Agriculture Secretary Bob Bergland is pressing for White House permission to propose two major changes in the food stamp program - one to liberalize it, the other to tighten it somewhat.
According to Bergland advisers in and outside the department, the two proposals would not increase the program's cost but would redistribute its benefits.
The first proposal, if the advisers have correctly estimated its effects, would increase the number of poor and families in the program. The second proposal would reduce benefits to families at higher income levels.
Bergland met yesterday with Health Education and Welfare Secretary Joseph A. Califano Jr. about the proposals. Califano's department is drafting a welfare reform plan for submission to President Carter on May 1. and food stamps, while they come from the Agriculture Department, are one of the government's largest welfare programs.
Bergland will seek concurrence from others in the administration next week. The Agriculture Secretary needs a decision from the White House by March 23, when he is scheduled to testify before the Senate Agriculture Committee on extension of all the government's basic farm and food programs, including food stamps, that expire this year.
The food stamp program has expanded mightily in the last 10 years and in the process has become controversial. Its cost 10 years ago was about $250 million; the cost this fiscal year will be about $5.6 billion. About 17 million people receive stamps each month, but there is considerable turnover in this group, and House Agriculture Committee staff members estimate that at one point or another last year 34 million people received food stamps. That is 1 out of every 7 Americans, or about as many as receive Social Security benefits.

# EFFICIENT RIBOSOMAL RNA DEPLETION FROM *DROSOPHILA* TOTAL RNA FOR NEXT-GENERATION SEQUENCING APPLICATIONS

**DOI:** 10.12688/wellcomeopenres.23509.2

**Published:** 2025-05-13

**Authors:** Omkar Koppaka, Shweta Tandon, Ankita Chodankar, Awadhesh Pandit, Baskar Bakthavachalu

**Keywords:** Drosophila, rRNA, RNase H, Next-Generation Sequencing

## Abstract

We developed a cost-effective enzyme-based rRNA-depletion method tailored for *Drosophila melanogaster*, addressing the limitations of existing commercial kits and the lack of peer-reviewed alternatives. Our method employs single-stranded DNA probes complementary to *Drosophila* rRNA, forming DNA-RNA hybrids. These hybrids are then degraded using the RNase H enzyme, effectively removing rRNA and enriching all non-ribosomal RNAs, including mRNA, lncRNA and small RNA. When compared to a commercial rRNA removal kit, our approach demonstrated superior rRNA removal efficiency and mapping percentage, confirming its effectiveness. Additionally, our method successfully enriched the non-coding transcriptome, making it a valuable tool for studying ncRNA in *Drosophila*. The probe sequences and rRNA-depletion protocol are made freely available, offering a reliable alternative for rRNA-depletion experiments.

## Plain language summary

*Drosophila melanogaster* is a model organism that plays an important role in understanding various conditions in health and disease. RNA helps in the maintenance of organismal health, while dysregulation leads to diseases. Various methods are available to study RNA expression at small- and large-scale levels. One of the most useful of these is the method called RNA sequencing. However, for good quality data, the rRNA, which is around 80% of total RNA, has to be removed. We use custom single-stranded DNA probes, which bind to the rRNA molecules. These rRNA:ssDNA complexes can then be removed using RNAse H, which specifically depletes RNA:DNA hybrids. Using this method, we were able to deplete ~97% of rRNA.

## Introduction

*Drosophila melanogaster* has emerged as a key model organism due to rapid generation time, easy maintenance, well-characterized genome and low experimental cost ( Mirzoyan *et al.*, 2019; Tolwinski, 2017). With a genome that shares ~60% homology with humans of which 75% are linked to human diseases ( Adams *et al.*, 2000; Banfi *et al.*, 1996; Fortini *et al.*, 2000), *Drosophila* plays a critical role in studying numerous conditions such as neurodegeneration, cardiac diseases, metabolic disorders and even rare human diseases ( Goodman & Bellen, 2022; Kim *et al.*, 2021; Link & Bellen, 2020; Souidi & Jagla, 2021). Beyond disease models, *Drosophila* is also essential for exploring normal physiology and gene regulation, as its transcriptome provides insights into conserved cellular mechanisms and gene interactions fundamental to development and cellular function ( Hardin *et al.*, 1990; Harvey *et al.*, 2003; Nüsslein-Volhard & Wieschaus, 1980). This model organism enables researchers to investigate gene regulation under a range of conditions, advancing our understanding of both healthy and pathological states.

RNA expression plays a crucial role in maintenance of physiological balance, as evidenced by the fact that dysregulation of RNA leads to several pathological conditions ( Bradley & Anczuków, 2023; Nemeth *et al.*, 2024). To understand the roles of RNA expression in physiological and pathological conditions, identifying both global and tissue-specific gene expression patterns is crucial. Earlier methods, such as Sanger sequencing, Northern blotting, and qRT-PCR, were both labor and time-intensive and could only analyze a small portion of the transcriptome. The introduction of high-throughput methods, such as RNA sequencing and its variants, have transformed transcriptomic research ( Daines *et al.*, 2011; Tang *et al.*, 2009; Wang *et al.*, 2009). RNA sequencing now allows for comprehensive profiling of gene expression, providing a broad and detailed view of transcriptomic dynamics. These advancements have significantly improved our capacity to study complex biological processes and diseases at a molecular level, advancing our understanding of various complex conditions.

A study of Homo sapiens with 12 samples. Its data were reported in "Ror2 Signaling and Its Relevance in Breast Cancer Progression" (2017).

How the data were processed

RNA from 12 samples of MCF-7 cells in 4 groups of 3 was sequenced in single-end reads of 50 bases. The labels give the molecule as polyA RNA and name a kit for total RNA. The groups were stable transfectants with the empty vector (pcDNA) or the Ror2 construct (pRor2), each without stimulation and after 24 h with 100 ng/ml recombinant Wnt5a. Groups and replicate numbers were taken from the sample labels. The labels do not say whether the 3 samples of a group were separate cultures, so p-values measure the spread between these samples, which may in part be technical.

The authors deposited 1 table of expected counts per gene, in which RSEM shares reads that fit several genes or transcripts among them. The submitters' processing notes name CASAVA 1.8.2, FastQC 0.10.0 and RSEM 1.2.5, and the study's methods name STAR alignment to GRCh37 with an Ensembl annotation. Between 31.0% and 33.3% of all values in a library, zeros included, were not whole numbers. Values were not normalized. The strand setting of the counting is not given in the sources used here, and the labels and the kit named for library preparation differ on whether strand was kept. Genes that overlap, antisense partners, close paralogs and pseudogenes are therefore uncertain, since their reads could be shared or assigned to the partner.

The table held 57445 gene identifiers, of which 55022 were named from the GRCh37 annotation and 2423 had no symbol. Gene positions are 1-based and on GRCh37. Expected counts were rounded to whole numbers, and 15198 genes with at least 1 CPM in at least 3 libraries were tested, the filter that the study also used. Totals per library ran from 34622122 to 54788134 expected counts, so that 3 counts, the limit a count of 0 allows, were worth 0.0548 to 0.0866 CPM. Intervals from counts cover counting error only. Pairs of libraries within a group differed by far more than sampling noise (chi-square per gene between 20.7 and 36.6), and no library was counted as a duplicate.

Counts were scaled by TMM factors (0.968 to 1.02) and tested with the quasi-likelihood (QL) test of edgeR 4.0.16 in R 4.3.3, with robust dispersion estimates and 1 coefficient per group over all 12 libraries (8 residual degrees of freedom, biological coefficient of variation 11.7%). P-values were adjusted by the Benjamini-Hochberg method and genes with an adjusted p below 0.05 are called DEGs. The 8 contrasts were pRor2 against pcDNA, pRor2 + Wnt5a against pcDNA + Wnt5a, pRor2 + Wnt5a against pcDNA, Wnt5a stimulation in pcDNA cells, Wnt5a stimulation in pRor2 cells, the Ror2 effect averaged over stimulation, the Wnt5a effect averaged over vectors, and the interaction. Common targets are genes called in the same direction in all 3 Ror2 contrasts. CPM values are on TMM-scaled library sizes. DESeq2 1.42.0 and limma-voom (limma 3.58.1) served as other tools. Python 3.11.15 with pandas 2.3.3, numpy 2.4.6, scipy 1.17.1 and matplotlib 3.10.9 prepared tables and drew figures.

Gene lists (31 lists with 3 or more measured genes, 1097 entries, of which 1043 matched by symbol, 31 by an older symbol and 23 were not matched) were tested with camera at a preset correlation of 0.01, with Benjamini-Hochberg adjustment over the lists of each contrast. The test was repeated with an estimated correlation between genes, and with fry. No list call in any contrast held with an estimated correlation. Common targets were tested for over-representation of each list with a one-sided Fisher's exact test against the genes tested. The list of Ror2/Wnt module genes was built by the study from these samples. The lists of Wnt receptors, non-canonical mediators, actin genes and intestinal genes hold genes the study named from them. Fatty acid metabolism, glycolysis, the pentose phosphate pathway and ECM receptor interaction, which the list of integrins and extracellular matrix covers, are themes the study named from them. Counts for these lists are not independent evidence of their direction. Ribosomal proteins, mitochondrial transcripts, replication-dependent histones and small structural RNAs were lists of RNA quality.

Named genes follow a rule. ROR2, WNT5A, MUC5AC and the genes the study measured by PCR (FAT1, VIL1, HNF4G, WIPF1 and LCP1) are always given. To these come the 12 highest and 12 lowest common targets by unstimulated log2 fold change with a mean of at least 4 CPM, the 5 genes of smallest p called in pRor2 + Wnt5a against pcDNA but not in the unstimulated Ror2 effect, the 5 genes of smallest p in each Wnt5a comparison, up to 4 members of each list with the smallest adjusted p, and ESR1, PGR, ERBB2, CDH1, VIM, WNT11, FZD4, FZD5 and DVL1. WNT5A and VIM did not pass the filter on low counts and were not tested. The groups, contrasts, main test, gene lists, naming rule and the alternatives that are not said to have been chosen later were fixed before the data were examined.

The liberalizing step that Bergland favors is to eliminate the so-called purchase requirement in the program. This would not increase the benefits of households already on the rolls, but Bergland and his advisers think it would remove an obstacle that keeps some needy families off the rolls.
The way the program now works, all participating families of a certain size - all four-member families, for example - get the same amount of food stamps each month. Except for those at the very lowest income levels, they have to buy the stamps, and the amount each has to pay depends on its net income.
A family with a low net income has to pay only a small fraction of what the stamps are worth, while one with a higher income has to pay closer to the value of the stamps, and therefore gains less from the program as its so-called "bonus" is smaller.
Liberals say the trouble with this system is that some needy families cannot come up with the cash necessary to purchase food stamps each month and thus are barred from the program. Bergland's idea is to drop the purchase requirement and give eligible families the bonus stamps to which their incomes entitle them.
Bergland adviser and part-time House Agriculture Committee staff member John R. Kramer estimates this proposal will add about 1.2 million people to the monthly total of recipients at an increased annual cost of $400 million to $500 million.
On the other hand, there are many families - perhaps 10 per cent of all that take part in the program - that have low or no income in certain months, during which they qualify for stamps, but whose income the rest of the year is high - at least twice the federal poverty line.
Bergland would make these families pay back the bonus value of their stamps at income-tax time; they would thus get the bonus only temporarily, as a kind of loan. Kramer says this would recoup the money lost by dropping the purchase rule.
Bergland also is considering simplification of the complicated rules for calculating net income in the food stamp program, perhaps by turning to a standard deduction. But aides caution that the whole plan remains subject to change as it is reviewed.